President Donald Trump signed executive orders enacting new tariffs on Thursday, taking the next step toward fulfilling one of his campaign promises.
The order is expected to take effect within 15 days imposing a 25% tariff on imported steel and a 10% tariff for aluminum. For now, Canada and Mexico are exempt, but Trump said depending how NAFTA negotiations go, the arrangements could change.
“We’re sticking with 10 and 25 initially. I’ll have the right to go up or down depending on the country. And I’ll have a right to drop out countries or add countries,” Trump said.
According to a Reuters report on Thursday, officials in both Canada and Mexico indicated they wouldn’t be pressured by tariff threats as NAFTA talks continue.
In anticipation of the announcement, Secretary of Agriculture Sonny Perdue said the ag industry is “rightfully concerned” at a recent meeting at USDA headquarters. “There is probably some legitimate anxiety over the trade issues.”
A statement on Wednesday from the National Farmers Union said it is “concerned the administration’s tactics threaten U.S. relationships with top trading partners and, consequently, the ability of the country to establish fair trade policies.”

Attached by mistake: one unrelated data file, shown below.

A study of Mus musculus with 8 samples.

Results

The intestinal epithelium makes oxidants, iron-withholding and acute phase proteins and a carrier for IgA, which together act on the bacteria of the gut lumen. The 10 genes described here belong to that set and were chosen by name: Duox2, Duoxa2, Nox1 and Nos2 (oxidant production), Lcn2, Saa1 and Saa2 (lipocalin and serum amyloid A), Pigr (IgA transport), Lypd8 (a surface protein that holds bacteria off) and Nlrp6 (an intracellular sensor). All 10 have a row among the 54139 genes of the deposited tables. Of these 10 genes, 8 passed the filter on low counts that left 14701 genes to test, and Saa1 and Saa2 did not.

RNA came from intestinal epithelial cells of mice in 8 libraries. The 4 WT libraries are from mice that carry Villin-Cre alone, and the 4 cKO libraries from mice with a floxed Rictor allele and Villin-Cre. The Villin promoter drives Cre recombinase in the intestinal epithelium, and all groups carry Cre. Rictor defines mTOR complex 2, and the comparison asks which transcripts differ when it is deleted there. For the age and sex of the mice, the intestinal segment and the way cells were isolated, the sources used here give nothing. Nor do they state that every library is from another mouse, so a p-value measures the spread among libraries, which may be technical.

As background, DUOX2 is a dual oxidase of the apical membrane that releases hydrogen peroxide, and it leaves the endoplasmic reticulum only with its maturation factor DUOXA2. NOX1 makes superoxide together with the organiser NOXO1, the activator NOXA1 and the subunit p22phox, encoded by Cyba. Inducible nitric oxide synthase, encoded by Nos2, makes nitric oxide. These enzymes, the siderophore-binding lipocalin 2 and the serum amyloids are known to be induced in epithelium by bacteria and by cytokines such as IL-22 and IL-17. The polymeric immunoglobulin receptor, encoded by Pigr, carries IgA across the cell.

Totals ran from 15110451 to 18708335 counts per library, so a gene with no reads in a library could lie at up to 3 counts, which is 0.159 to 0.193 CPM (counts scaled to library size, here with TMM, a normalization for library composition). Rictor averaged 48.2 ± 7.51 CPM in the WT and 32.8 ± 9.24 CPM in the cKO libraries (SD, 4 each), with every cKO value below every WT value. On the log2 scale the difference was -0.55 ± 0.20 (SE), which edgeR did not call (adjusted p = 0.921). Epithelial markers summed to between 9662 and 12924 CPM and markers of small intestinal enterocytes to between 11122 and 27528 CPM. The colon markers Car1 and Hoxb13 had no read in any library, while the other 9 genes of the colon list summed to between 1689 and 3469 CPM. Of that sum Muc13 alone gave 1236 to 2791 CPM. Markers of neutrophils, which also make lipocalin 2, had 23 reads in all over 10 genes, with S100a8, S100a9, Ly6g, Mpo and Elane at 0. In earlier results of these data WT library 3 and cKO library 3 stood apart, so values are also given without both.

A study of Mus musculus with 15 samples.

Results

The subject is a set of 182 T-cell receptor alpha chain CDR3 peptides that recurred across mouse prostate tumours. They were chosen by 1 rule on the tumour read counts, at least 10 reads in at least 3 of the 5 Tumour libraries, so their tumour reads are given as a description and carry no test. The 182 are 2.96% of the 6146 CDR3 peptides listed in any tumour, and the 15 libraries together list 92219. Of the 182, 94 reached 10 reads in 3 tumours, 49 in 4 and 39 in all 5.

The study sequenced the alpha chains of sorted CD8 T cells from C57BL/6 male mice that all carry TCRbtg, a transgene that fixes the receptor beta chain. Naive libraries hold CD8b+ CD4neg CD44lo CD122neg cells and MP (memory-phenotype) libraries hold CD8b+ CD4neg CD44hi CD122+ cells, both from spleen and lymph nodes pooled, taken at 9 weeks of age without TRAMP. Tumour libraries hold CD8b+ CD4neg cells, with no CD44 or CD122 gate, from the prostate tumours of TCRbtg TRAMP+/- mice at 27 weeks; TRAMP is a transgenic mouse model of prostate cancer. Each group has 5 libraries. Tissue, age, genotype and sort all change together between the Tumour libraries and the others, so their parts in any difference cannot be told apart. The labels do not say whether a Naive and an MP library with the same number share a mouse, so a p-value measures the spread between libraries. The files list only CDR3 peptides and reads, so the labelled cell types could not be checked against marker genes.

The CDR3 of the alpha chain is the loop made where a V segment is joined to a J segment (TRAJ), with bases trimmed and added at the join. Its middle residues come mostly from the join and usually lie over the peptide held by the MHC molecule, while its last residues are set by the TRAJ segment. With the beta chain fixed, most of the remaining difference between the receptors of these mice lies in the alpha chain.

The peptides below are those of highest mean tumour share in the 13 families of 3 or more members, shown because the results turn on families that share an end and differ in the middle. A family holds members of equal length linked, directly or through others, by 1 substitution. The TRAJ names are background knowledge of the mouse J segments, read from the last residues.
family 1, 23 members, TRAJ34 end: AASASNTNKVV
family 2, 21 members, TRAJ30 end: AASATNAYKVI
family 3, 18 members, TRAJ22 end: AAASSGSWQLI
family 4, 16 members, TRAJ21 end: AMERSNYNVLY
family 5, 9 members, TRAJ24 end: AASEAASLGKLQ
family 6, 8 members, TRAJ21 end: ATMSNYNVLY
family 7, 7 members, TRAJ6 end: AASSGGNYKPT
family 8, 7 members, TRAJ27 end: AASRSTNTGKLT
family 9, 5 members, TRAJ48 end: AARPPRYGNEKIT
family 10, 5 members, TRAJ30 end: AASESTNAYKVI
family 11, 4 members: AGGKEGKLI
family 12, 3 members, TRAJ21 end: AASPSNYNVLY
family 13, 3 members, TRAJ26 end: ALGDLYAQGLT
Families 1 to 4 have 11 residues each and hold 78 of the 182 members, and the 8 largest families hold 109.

A recent Reuters report quoted U.S. farmers saying they feared a potential trade war. “These tariffs are very likely to accelerate a tit-for-tat approach on trade, putting U.S. agricultural exports in the cross-hairs,” said Brian Kuehl, executive director of Farmers for Free Trade.
The organization released a statement after the executive order was signed saying, “We expect that these tariffs will cause retaliation that will come out of the pockets of American farmers.” The statement concluded with a promise to demonstrate the negative effects of the tariffs in the upcoming months.
Iowa farmer and president of the American Soybean Association (ASA) John Heisdorffer called the tariffs “a disastrous course of action” echoing fears of retaliation from valuable trade partners.
Farmers aren’t the only ones frustrated by the new tariffs. “The equipment manufacturing industry is profoundly disappointed at President Trump’s actions today to advance import tariffs on steel and aluminum. Steel accounts for roughly 10% of equipment manufacturers’ direct costs,” explains a statement released by the Association of Equipment Manufacturers (AEM). “The price of steel has already risen in anticipation of the administration’s actions, and a 25% tariff will only further erode the progress our industry has made over the past year.”
AEM says the tariffs put “manufacturers at a competitive disadvantage, risk undoing the strides our economy has made due to tax reform, and ultimately pose a threat to American workers’ jobs.”
Trade Partners Threaten Retaliation
As trade partners around the anticipated move first announced last week, many threatened retaliation.
European Financials Affairs Commissioner Pierre Moscovici said, “If Donald Trump puts in place the measures this evening, we have a whole arsenal at our disposal with which to respond.”
“We have heard directly from the Chinese that U.S. soybeans are prime targets for retaliation,” the ASA statement says.